The SPP Procedure

Classes of Spatial Data

There are three broad classes of spatial data:

  • Point-referenced data are values that are sampled at specific locations within an area of a predefined size. An example is air temperatures that are measured where weather monitoring instruments are located. The stochastic nature of spatial processes can be described by using spatial random fields (SRFs). A set of point-referenced data can be seen as a realization of a continuous SRF that takes values over the entire study area. The values at unsampled locations are unknown but can be predicted by means of geostatistical analysis. You can analyze point-referenced data by using the SAS/STAT procedures VARIOGRAM, KRIGE2D, and SIM2D.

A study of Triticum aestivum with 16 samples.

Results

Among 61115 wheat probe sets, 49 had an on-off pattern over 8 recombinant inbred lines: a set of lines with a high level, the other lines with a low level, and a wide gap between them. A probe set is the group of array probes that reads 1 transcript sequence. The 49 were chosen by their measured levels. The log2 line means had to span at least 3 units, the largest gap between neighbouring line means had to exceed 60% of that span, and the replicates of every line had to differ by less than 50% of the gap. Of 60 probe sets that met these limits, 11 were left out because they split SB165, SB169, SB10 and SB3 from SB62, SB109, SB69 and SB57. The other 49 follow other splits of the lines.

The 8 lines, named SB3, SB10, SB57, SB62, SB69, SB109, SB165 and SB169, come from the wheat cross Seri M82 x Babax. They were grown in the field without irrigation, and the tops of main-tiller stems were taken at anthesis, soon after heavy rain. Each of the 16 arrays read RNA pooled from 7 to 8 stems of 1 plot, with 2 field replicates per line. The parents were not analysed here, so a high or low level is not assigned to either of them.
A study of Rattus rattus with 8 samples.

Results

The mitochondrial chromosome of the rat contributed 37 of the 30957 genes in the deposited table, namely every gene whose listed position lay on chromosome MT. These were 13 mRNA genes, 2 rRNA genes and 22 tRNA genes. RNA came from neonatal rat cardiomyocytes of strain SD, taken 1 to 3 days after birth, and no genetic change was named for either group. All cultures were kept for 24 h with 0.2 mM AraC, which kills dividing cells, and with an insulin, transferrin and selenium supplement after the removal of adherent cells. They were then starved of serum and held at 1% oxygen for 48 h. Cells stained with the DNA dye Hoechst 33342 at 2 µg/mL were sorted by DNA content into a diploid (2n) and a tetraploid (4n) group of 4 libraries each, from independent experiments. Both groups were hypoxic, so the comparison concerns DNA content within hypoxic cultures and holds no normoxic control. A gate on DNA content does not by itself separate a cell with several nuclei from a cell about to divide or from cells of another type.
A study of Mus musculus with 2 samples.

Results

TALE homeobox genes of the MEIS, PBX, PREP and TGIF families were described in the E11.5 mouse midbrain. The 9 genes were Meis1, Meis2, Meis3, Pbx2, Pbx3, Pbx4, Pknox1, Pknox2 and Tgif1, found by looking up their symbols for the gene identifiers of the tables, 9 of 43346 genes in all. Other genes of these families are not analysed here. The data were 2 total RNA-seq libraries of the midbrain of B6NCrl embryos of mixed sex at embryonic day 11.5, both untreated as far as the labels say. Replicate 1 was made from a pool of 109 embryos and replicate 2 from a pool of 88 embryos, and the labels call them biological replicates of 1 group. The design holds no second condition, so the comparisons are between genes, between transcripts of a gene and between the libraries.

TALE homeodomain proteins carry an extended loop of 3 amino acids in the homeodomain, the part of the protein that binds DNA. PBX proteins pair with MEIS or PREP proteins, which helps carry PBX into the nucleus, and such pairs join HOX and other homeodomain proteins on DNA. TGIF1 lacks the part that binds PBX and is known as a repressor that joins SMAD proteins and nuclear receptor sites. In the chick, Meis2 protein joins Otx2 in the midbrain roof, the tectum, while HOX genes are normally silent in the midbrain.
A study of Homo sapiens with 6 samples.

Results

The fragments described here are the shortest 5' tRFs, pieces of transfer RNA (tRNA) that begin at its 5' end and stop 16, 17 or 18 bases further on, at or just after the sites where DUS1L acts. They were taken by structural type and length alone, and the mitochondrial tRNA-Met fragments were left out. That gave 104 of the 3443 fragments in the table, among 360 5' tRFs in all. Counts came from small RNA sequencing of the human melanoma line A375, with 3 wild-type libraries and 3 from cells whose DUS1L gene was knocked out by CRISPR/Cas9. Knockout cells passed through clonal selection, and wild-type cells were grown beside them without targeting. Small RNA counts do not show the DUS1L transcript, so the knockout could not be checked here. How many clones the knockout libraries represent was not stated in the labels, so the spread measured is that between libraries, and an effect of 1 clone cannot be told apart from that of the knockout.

• Areal (lattice) data are values for a fixed number of areal units within a particular area. These data differ the point-referenced data in that one areal observation is assigned to a whole areal unit instead of to a specific location. An example is crime rates that are aggregated over counties within a state.

  • Point pattern data are a collection of locations of single events of a spatial process. In this category, the study area can have a variable size and observations might have associated covariates, but the main interest is in their spatial patterns of occurrence. Examples include locations of tree growth, locations of petty crimes, and so on. A set of point-pattern data can be seen as a realization of a discrete SRF that has values only at the event locations (Illian et al. 2008, p. 44). A collection of this type of data is known as a spatial point pattern. Point pattern analysis usually does not refer to the SRF concept. The applied techniques in point patterns differ from the geostatistical approach, although both types of analysis share corresponding measures to describe correlation among the data. You can use the SPP procedure to analyze point pattern data.